What is a béchamel, anyway?
Considered one of the mother sauces in French cooking, a béchamel is a white roux made with butter, flour and milk. In traditional American cooking, we typically use the béchamel as a base for other sauces (for example, to make macaroni and cheese).
If you're now wondering what the difference between a béchamel and a roux is, it's simple. A roux is a mix of (essentially) equal amounts of flour and butter that create a paste for thickening sauces. A béchamel is a white sauce that results from cooking said roux in a dairy product.
Almost any traditional cream sauce starts with a béchamel, but many home cooks avoid these recipes believing they're difficult, opting instead for preservative-packed pre-fab versions at the market. Even if you've tried before with disastrous results, we'll teach you the right way to get the perfect béchamel base for every sauce.
How to make a perfect béchamel
There are a multitude of recipes for béchamels, but they all follow the same basic procedures, regardless of the specific ingredients. But after you've found your recipe, follow these simple steps.
Step 1: Make a roux
First, you'll need to make your roux. Heat the butter over medium-low until it's melted. Then, add your flour and whisk it until it's smooth (use a whisk, not a spoon). While some recipes may call for darker roux, for a béchamel sauce, you should avoid allowing the flour to burn.
The goal here is to cook the flour long enough to get rid of the floury flavor. Stir it constantly to prevent burning and turn down the heat if necessary. You'll know it's ready when you see little bubbles pop up from the bottom of the pan through the mixture (like on pancakes). It will be a creamy texture with no lumps and will be slightly off-white as a result of the butter.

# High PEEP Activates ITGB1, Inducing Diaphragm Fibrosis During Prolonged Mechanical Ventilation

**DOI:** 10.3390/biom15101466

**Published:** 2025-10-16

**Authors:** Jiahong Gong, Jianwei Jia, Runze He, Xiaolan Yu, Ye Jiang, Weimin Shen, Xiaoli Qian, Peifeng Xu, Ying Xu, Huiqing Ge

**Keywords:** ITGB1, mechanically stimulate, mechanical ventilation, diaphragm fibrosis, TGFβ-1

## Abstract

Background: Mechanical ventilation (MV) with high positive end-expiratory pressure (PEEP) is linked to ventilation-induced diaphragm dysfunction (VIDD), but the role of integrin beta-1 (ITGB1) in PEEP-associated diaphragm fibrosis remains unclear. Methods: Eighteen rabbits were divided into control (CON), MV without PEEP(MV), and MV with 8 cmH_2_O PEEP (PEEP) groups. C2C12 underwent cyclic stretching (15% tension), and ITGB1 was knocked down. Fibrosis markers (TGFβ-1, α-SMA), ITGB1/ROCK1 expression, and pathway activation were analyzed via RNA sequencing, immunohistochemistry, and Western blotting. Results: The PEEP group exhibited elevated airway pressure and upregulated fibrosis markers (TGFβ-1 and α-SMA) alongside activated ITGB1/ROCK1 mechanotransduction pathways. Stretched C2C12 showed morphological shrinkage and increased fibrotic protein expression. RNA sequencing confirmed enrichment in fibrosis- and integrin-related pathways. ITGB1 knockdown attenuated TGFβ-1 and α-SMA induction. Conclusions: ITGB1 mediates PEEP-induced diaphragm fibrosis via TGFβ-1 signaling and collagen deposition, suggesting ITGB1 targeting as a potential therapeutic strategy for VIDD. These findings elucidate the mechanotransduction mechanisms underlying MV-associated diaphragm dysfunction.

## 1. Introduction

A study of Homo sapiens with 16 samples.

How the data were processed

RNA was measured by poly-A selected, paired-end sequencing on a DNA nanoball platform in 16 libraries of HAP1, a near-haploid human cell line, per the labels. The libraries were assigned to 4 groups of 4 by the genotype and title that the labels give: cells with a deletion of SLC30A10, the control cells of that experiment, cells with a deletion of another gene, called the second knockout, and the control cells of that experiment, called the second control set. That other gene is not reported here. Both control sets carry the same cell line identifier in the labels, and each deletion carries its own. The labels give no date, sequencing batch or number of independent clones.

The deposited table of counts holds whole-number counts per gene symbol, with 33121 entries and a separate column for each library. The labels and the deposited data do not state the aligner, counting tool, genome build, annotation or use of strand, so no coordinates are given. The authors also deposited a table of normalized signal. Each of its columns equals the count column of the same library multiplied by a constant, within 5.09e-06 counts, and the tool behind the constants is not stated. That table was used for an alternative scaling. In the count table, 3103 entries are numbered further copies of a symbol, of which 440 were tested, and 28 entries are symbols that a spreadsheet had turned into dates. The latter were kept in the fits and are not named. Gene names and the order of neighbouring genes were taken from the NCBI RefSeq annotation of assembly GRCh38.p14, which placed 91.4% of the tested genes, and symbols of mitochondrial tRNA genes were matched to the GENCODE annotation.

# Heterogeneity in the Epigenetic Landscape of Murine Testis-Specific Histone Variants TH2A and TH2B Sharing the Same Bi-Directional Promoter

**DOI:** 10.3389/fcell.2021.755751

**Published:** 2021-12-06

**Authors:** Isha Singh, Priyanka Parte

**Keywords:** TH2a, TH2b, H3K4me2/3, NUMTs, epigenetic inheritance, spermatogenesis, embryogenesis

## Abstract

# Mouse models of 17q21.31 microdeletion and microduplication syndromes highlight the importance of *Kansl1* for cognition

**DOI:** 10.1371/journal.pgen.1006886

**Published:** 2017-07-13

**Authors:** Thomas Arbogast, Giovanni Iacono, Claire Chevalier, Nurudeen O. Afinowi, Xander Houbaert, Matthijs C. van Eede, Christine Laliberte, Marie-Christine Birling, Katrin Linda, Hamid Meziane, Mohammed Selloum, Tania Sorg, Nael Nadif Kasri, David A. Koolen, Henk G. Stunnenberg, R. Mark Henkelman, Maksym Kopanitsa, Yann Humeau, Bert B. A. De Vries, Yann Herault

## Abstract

Step 2: Add the dairy
Once you've got your roux combined into a nice, creamy paste, you'll add your dairy, which will usually be milk (though some recipes may ask for a bit of heavy cream). Do not allow the roux to cool.
The milk should be very cold. Add the dairy slowly, whisking in just a bit at a time until combined, then adding more once the sauce in the pan is smooth. During this step, whisking should also be constant, but also vigorous to ensure there are no lumps in your finished sauce. If you have to pause in stirring to grab extra ingredients, it's OK, but don't let it sit too long.
Step 3: Finishing the béchamel
Bring the sauce to a boil (stirring constantly to avoid lumps, burning or scorching. The béchamel is done when it's come to a boil and thickened as desired.
You'll notice we didn't ask you to add any salt and pepper. Seasoning is important at every step of the process, but how you season it depends on what you're making. With regard to pepper, especially, make sure you use white pepper if you want to avoid little black flecks in your white sauce.
Now you have the perfect base for a multitude of sauces, from Alfredos to Mornays. All you need now is a delicious recipe and a hungry family.